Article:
AUSTRALIAN Jewish leaders have defended Israel’s handling of plans by two controversial US Congresswomen to visit there, although some stated that tactically Israel may have blundered.
Ilhan Omar of Minnesota and Rashida Tlaib of Michigan – the first two Muslims elected to Congress, who are both BDS supporters – had planned visits to Israel.
Omar’s attacks on Israel are widely viewed as antisemitic, and Tlaib has repeatedly slammed Israel’s West Bank presence.
But the pair have also been celebrated as members of “the squad”, a grouping of four rookie Democrat Congresswomen of non-white backgrounds targeted by US President Donald Trump in a tweet last month telling them to “go back” to their “crime infested” homelands, which was seen as racist.
Following exhortations by Trump to bar Omar and Tlaib, Israeli PM Benjamin Netanyahu did just that, drawing widespread dismay from US Democrats.
Israel later reversed itself on Tlaib, saying she could enter on compassionate grounds – to visit her West Bank grandmother – but she declined.
Executive Council of Australian Jewry co-CEO Alex Ryvchin told The AJN this week the pair “despise Israel” and the government “has every right to deny them the opportunity” to undermine the Israel–US relationship.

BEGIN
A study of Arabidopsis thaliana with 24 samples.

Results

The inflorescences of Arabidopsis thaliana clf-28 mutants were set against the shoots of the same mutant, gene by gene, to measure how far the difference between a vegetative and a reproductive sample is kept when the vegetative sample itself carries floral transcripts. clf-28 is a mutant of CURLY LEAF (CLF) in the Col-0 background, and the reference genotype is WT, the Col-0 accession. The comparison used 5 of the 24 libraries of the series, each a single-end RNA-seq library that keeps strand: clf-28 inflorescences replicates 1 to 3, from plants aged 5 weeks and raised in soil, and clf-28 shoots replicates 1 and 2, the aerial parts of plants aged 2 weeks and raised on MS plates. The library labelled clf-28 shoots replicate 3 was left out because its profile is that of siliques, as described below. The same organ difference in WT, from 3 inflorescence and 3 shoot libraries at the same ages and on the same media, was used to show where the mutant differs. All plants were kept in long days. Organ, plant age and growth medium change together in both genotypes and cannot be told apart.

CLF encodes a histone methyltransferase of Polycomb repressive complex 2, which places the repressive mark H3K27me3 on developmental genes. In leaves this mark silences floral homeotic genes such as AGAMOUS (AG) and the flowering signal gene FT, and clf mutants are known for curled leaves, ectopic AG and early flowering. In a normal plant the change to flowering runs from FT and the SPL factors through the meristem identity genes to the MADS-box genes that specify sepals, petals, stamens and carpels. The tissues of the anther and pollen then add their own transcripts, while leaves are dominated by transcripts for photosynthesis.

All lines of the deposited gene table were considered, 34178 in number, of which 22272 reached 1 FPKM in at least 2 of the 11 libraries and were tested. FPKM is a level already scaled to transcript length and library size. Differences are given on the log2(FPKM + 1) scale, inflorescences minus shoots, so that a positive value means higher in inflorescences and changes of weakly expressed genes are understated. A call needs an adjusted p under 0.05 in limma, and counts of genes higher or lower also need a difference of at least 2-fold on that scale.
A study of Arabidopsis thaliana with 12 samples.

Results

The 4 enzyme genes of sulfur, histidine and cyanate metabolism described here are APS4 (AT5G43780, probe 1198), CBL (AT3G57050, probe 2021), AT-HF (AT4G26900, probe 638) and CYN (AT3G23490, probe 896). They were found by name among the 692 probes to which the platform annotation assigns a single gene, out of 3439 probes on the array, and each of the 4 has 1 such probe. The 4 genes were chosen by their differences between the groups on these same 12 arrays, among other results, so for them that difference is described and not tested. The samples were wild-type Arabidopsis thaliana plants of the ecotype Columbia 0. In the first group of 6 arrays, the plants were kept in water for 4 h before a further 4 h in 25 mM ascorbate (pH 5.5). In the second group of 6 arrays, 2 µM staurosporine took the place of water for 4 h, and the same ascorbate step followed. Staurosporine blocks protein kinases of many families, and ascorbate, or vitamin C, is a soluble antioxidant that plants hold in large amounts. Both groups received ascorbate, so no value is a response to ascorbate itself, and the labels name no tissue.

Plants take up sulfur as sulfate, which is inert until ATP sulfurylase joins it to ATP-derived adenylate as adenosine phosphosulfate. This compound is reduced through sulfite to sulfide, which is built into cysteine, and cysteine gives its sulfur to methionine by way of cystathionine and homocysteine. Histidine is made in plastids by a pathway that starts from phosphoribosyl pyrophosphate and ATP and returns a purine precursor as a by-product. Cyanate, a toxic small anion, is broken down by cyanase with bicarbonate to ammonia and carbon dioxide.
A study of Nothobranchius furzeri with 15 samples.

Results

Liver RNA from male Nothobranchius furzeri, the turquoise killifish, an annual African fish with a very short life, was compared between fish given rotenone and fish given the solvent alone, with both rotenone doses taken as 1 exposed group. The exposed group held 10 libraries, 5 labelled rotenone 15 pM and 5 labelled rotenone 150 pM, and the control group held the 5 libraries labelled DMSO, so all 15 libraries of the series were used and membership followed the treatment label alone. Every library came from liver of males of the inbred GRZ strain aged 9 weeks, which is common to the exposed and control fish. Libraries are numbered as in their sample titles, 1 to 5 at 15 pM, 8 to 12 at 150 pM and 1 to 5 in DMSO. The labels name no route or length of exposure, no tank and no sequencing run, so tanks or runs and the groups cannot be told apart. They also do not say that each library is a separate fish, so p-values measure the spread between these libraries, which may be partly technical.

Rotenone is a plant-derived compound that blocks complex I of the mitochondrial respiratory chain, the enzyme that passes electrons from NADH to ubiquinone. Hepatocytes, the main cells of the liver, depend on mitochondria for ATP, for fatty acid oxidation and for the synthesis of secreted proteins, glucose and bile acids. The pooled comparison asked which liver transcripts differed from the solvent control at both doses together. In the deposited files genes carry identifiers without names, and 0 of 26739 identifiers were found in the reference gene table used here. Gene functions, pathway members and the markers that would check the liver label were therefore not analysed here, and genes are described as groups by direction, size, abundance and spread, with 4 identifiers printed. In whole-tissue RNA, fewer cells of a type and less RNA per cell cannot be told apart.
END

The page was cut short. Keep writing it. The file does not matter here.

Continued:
But he said if Omar and Tlaib had been admitted as planned, “their visit would have likely been no more than a minor irritant … But by denying them entry, the racist BDS campaign has been elevated to national prominence, and many in the Democratic Party who do not share their hatred of Israel, have now rallied behind the Congresswomen”.
Zionist Federation of Australia president Jeremy Leibler said the government “was within its rights to refuse entry” to the duo but “it is critical for the State of Israel and Jewish communities in the Diaspora, that support for Israel remains bipartisan and this decision does risk making Israel a wedge issue within the Democratic Party … Time will tell whether this decision causes a long-term rift with the Democratic Party and [with] segments of US Jewry”.
Australia/Israel & Jewish Affairs Council executive director Colin Rubenstein said, “Israel had to weigh up important competing imperatives and make a difficult decision.”